The Alabama legislature passed a bill that would require schools to increase their summer breaks. Supporters say it will bring in more tourism dollars, but some school officials say it will hurt children's education.
It sounds like great news to students.
"I think longer summers is okay for the students because it gives them more time for the summer," said Montgomery student, Dakota Christian.
The legislature approved a bill that would keep schools from starting more than two weeks before Labor Day and requiring them to end the school year before Memorial Day, while still completing 1,080 hours of instructional time.
"It gives school superintendents and school boards the most flexibility they can possibly have within the parameters of giving us that 12 week summer. They have 40 weeks in which to provide the 1,080 hours of instruction," said Tourism Consultant, Kim Adams.
If the bill is signed into law, Montgomery School Board President Charlotte Meadows says the superintendents' recommendation would be to reduce the calendar by eight days and tack on 20 minutes to each school day.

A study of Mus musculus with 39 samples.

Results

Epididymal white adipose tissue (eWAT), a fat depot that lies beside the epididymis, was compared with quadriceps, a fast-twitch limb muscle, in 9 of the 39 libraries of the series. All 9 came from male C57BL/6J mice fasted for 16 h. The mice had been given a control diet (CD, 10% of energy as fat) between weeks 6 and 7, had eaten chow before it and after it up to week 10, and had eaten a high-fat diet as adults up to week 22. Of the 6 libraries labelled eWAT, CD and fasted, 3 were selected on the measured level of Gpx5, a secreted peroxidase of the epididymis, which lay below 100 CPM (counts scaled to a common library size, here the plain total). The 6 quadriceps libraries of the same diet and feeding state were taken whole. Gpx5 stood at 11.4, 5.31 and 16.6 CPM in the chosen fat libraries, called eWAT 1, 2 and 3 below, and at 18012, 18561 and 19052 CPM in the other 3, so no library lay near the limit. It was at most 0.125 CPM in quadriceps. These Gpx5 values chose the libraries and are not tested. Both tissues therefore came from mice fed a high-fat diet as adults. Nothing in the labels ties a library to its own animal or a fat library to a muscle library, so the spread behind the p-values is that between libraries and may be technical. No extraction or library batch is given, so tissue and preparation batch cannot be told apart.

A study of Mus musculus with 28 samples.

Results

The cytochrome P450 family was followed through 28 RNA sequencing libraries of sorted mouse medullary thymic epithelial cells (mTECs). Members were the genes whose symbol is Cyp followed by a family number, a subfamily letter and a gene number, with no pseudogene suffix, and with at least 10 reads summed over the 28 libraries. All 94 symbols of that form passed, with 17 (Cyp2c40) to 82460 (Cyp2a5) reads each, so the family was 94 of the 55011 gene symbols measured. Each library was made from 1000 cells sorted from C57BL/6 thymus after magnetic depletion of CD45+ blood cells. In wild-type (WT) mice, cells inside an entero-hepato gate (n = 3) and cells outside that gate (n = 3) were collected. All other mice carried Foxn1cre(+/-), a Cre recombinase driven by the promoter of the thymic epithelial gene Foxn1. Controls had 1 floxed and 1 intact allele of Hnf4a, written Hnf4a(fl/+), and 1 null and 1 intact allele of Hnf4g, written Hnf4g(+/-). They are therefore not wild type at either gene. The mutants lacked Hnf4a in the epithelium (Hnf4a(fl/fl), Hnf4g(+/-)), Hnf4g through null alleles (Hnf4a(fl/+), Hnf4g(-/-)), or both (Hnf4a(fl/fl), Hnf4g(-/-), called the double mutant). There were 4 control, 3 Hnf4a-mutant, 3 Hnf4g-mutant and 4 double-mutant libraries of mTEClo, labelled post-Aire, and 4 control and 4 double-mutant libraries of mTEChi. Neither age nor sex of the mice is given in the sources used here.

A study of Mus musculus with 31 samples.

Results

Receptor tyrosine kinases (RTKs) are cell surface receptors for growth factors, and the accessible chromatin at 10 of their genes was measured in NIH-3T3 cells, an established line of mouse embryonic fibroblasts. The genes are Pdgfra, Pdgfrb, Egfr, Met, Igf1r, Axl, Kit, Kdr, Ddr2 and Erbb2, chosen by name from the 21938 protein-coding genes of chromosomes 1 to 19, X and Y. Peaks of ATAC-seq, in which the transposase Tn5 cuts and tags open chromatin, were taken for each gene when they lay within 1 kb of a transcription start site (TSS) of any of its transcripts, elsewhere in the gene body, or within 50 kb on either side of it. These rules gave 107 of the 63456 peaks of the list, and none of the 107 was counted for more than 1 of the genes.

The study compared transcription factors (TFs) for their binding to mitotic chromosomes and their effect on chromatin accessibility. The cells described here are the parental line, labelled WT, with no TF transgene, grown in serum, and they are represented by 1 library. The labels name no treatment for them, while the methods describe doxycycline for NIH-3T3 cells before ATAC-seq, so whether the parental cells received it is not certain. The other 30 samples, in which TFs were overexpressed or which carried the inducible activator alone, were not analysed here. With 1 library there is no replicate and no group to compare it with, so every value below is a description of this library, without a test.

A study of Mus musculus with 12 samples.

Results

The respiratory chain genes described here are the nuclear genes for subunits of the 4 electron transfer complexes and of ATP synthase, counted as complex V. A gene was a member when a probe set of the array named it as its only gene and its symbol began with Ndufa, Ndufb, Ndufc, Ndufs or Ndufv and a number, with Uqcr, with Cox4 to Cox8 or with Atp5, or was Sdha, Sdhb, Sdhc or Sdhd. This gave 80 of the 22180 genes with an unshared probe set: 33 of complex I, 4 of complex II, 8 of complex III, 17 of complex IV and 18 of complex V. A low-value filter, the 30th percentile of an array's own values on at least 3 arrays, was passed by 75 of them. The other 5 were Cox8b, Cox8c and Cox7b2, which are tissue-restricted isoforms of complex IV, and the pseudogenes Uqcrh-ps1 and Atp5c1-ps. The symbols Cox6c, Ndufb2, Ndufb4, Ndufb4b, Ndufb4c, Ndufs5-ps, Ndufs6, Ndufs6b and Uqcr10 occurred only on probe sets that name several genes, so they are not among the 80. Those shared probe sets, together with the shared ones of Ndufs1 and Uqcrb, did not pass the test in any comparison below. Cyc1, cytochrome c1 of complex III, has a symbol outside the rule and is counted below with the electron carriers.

"For our middle school and high school students that's an extra three minutes per class and I'm just not sure that we are going to get a full lesson in, over the course of the year, or even eight full lessons in over the course of the year, by adding three minutes to each class," said Meadows.
The driving force behind it all is tourism and money.
Adams says studies indicate that this could create over $330-million per year for Alabama's economy, while benefiting the education and general fund budgets.
"To stop tourism's activity the first week of August is almost like saying we can't sell Christmas items two weeks before Christmas. It's an economic engine that is running in this state," said Adams.
Meadows is not so sure.
"I think they have the best interest of the financial picture at heart. That doesn't necessarily equate to the best interest to the students' education," said Meadows.
The bill was approved by the legislature, but it still has to go to Governor Robert Bentley to be signed into law.
The Governor's office released a statement about the bill saying, ""Governor Bentley has some concerns about HB360 because it restricts flexibility at the local level. The Governor will conduct a thorough review of this bill as passed and make a decision on whether to sign it in the coming days."